Determining who to cast in your film, particularly one with such a singular personal vision as Buster’s Mal Heart, is always a tricky proposition. Sarah Adina Smith, writer/director of this unusual psychothriller (playing the Tribeca Film Festival this week and opening tomorrow in select theaters), takes an equally atypical approach to populating her productions.
“Since [her much-praised debut feature] A Midnight Swim and continuing with this one,” she reveals, “I sometimes will consult Tarot cards. I’ll take out the deck and be like, ‘What about this actor? Is he or she the right person for the job?’ And the cards don’t lie; they haven’t failed me yet!”
That spiritual process helped lead Smith to cast Mr. Robot Emmy winner Rami Malek in Buster’s Mal Heart, in which he makes a galvanizing impression playing a multifaceted role. The movie opens with Malek as “Buster,” a crazy-haired conspiracy theorist on the lam who’s been holing up in vacant houses when not running through forests from pursuing cops. The timeline then jumps backwards to where he’s the clean-shaven Jonah, who works the night shift at a rural hotel and lives with his wife Marty (Kate Lyn Sheil) and little daughter Roxy (Sukha Belle Potter) in the home of Marty’s hyper-religious mother Pauline (Lin Shaye)—which he’s anxious to escape. Jonah’s life takes a turn for the weird when a stranger (DJ Qualls in a type-busting turn) arrives at the hotel and attempts to convince him that the impending Y2K will bring about an event he calls “the great inversion.” This is just part of the oddness that suffuses Buster, which becomes a surreal portrait of Jonah’s growing mental imbalance.
There are ambitious themes bubbling under the surface that make this more than a tale of ordinary madness, as Smith explains: “Buster’s Mal Heart is essentially about whether freedom is actually possible. It’s about a man struggling against an indeterminate universe, and trying to find freedom in an otherwise relentless machine of causality. I was interested in the question of, if we don’t have free will, and we don’t get to choose to be born, then what are we responsible for? And I thought it would be interesting to explore a man who turns against fate.”
Part of the key to Jonah’s characterization was Smith’s choice to have him speak both English and Spanish, home-teaching Roxy the latter language. “When you’re bilingual,” Smith notes, “you actually are two people, in some ways; a lot of people have told me it’s like you have two sections of your brain. It can be a different experience, and language can definitely shape you. That was important to me for Jonah, who is very much a man in two worlds.”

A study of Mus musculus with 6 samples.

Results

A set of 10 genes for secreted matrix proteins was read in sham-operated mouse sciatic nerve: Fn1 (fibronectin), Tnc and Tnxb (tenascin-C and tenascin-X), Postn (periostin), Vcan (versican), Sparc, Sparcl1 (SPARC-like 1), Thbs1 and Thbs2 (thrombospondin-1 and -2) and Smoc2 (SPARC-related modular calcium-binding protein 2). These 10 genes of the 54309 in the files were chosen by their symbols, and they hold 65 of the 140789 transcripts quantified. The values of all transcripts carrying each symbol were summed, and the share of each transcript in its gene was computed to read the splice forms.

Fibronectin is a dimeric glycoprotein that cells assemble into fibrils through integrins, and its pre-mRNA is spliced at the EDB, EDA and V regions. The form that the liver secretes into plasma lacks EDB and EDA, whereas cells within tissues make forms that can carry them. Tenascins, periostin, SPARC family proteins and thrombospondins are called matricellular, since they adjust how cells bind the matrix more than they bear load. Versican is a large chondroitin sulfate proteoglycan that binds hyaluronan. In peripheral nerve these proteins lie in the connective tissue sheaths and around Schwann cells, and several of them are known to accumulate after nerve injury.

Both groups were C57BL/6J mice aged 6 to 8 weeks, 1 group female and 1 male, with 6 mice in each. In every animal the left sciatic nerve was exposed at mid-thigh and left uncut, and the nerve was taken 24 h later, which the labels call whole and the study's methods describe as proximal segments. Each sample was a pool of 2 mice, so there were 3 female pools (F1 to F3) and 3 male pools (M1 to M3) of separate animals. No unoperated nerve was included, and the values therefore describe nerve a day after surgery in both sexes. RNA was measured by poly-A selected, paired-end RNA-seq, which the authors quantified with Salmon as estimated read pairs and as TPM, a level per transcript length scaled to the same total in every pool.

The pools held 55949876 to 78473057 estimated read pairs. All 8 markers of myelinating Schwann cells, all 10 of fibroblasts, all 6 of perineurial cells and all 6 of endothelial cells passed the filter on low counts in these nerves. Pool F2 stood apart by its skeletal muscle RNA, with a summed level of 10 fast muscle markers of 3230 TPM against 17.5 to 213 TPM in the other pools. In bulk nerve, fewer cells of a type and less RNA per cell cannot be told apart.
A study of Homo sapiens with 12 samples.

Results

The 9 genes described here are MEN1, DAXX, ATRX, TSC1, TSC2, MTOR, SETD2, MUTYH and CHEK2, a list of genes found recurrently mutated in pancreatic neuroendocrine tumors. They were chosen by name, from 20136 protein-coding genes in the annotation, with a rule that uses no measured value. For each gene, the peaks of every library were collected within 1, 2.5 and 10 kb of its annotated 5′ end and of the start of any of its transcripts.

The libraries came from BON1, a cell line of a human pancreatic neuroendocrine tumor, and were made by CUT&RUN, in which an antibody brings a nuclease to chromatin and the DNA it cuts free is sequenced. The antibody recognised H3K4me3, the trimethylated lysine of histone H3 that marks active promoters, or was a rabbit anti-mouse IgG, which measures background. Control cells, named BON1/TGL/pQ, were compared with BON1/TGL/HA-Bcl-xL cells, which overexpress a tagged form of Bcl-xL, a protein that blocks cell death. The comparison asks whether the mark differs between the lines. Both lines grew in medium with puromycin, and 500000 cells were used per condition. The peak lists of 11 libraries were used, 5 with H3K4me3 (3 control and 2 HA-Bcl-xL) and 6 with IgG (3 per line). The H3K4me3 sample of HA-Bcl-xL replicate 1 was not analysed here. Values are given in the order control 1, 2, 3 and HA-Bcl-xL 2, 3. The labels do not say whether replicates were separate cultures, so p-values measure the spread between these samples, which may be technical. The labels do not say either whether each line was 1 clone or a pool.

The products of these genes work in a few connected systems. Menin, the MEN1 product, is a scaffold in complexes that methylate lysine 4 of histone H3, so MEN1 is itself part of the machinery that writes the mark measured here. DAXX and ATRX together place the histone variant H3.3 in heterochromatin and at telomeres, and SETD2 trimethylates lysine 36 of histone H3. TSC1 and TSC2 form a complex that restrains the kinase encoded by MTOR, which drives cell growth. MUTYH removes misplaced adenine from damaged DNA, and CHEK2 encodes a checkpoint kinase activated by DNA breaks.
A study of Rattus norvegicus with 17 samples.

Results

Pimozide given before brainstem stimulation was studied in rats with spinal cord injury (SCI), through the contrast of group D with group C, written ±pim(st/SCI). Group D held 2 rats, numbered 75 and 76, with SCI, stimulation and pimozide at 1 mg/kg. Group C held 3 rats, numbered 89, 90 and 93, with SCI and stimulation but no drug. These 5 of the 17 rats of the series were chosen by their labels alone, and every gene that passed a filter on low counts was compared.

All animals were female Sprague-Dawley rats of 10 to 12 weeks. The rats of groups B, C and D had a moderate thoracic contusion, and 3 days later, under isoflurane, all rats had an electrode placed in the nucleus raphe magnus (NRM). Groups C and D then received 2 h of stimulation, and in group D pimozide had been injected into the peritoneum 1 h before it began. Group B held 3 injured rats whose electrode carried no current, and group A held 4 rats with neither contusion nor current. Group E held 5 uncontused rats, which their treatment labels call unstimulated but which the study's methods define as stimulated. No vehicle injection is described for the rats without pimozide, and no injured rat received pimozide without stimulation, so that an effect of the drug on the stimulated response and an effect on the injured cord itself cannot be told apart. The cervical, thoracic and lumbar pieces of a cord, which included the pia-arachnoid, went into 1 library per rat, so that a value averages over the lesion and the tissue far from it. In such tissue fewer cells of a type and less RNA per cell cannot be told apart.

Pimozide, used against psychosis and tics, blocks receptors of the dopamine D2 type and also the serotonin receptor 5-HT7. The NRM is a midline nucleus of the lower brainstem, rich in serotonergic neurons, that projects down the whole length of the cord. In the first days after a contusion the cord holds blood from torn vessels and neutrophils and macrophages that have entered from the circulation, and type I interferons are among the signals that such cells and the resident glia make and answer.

As such, it’s a role that seems well-suited for Malek, whose Mr. Robot protagonist Elliot Alderson is afflicted with dissociative identity disorder. Finding the right actor of Buster’s lead was “definitely a challenge,” Smith says, “because it’s not something that everybody would necessarily want to do. I needed an actor who was willing to scratch at the very depths of his soul for this one, and Rami Malek was definitely the right guy to do that.”
Smith wrote Marty, who grounds the movie and Jonah, for House of Cards’ Sheil, and landing a little actress for Roxy proved surprisingly easy. “[Casting director] Samy Burch and I were fully prepared to see hundreds of kids,” Smith recalls, “and Sukha was the very first one we met. We got incredibly lucky. Her parents are both artists and performers, and they didn’t want to be stage parents. But I think they responded to the material and saw that we were trying to create something artful, and trusted us because of that. Obviously, this film deals with dark themes and tragedy, and you could say, ‘Well, wouldn’t that be frightening for a parent?’ But in some ways, if we had been a light romcom, I believe that would have been of less interest to them. They were interested in supporting our art, and willing to take that risk with their daughter as a result.”
Potter not only made it through the shoot emotionally unscathed, but had an especially good time when it fell on Halloween. “We were all staying in the hotel where we were filming, and decided that we didn’t want her to miss out on being able to go trick-or-treating. So the entire cast and crew all dressed up and formed this parade, going with her from hotel room to hotel room. Hopefully, we gave her one of the best Halloweens of her life!”
Should she grow up wanting to watch horror movies on All Hallows’ Eve, she’ll find that Smith’s work (which also includes a segment of the fright anthology Holidays) expands the borders of the form. As the filmmaker points out, “I never actually set out to make genre films, they just end up turning out that way. I don’t even know why that happens; it’s just how I like to make movies. Is it weird that that’s sort of my go-to gesture? I guess I find life to be both endlessly terrifying and endlessly hilarious, and I think there are a lot of funny moments in Buster; it deals with the absurd nature of our existence.”
Smith, who has also helmed an episode of Jay and Mark Duplass’ upcoming HBO series Room 104, has an equally contradictory feature project in mind for the future. “I have a weird craving to make a Christmas movie—which makes no sense as I’m sort of an atheist Jew,” she says. “But doing the Christmas scenes in Heart just made me want to try my hand at an odd film set at that time. There’s something about that feeling, the spirit of Christmas in the air, that I’m interested in. I feel like there’s a strange movie in that.”